Division of Wildlife
KOKANEE KILL AT VALLECITO RESERVOIR
The Colorado Division of Wildlife’s (DOW) kokanee salmon spawning operation
suffered a major blow earlier this month due to a fish kill at Vallecito
Reservoir. The kill, affecting only kokanee is due to a variety of
conditions perpetuated by the ongoing drought conditions in Southwest
The first reports of dead kokanee being found at the reservoir were taken in
late August. A conservative estimate of dead fish numbers in the thousands.
Vallecito is one of the major contributors to kokanee spawning operations
that help provide kokanee for 25 lakes and reservoirs across the state.
The good news for anglers who frequent the reservoir is that the other sport
fish species that inhabit the shallower waters of the reservoir were not
affected by the die-off.
“The fish kill primarily affected kokanee salmon and it was not a complete
kill,” said Mike Japhet, DOW aquatic biologist in the Durango office.
“Catchable rainbow trout, brown trout and northern pike are also present in
Vallecito and have not been affected by the depleted oxygen conditions found
in the deeper part of the lake.”
The life cycle of the Kokanee salmon is relatively short. Depending upon
conditions, kokanee spend three to five years in a lake or reservoir before
swimming upstream to spawn at the same location from where they were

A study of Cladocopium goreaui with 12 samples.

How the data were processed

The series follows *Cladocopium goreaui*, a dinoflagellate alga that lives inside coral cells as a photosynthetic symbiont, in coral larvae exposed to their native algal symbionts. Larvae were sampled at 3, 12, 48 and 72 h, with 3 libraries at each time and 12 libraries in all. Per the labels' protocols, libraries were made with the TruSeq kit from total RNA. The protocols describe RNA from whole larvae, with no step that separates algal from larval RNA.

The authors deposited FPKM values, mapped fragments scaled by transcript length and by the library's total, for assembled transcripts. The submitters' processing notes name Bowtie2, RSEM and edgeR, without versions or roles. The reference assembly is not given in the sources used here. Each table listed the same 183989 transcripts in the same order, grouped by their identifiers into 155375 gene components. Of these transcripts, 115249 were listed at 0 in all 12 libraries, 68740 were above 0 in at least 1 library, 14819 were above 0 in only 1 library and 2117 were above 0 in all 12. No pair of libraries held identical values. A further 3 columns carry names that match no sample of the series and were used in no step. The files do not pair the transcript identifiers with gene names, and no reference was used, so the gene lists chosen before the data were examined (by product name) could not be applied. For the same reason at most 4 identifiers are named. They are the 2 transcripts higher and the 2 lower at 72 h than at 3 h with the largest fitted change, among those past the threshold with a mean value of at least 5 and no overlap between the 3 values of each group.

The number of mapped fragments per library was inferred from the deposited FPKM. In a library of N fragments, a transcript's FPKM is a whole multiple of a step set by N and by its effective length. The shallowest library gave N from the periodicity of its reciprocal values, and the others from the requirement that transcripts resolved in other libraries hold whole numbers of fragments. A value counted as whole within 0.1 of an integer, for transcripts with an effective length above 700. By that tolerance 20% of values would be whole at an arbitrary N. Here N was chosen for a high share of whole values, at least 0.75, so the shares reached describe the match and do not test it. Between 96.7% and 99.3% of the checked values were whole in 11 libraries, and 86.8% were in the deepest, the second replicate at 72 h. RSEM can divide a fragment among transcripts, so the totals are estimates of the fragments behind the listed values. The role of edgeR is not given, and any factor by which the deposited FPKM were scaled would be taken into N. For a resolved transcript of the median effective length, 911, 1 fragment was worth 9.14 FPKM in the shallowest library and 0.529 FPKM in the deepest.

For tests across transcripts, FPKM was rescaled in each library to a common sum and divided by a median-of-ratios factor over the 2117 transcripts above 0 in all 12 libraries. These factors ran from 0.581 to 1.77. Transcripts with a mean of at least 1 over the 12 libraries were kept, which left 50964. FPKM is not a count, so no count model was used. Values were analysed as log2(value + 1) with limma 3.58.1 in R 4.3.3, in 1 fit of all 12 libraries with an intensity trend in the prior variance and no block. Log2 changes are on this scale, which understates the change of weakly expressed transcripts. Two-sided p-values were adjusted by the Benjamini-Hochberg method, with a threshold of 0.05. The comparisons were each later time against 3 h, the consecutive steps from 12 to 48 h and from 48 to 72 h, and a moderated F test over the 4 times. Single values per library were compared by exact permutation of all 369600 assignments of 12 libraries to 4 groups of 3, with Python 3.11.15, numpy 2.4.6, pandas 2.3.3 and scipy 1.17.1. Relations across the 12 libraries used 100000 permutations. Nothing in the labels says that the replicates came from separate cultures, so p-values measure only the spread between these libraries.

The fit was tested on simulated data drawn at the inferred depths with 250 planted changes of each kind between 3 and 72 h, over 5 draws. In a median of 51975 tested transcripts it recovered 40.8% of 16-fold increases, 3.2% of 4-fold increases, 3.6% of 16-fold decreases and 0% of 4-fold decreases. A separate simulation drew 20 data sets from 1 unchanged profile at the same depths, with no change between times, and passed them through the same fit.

released as fry. The egg-swollen females and the brick-red hook-jawed males
average 16 to 18 inches. Kokanee die after spawning. Some of Colorado’s
better kokanee reservoirs include Blue Mesa, Elevenmile, Granby, Green
Mountain and Vallecito.
At Vallecito, spawning kokanee head to Vallecito Creek to do their yearly
ritual. The DOW builds a fish trap to catch the spawning kokanee. Eggs and
milt are extracted from mature salmon fertilized eggs are transferred to the
Durango Hatchery where they are hatched and reared to 2 inches in length.
Kokanee salmon fry are released back into the creek the following spring as
the next year class of fish. Over the last 34 years, Vallecito has produced
1.2 million kokanee eggs on average. Even with the kokanee kill, the
operation will continue in hopes of making the most from the remaining fish.
“We have low expectations,” said Japhet.
The die off is due to low dissolved oxygen content in the deep water that is
inhabited by kokanee. It was a natural phenomenon, which could not have been
“This is the first instance of a mass fish kill in the history of Vallecito
Reservoir,” said Japhet. “Kokanee are known to inhabit deep water just below
the thermocline, which at Vallecito presently contains only 3.8 parts per
million dissolved oxygen.”
The ongoing drought in Southwest Colorado and continuing effects from last
summer’s Missionary Ridge fire led to extreme reservoir draw down, warmer
than normal water temperatures and lower than normal dissolved oxygen
content of the water.
“High amounts of organic debris that washed into Vallecito from last year’s
fire probably contributed to high biological oxygen demand, leading to
oxygen depletion in the deeper parts of the reservoir,” said Japhet.
The conditions have been hard on bodies of water throughout the region. A
fish kill was also recently reported at Lower Four-mile Lake--a high
mountain lake home to cutthroat trout.
The fishery can be, and will be re-established. With help from other kokanee
spawning operations, DOW officials are optimistic that loss due to the kill
at Vallecito can be covered. The stocking of Vallecito with kokanee will
take place next spring in hopes for better conditions.
“If we see more snowpack and more overall precipitation this winter things
will change for the better,” said Japhet. “In this business, just like a
farmer, you have to be an optimist and the only way to guarantee that there
wont be kokanee in the lake is to not put them there.”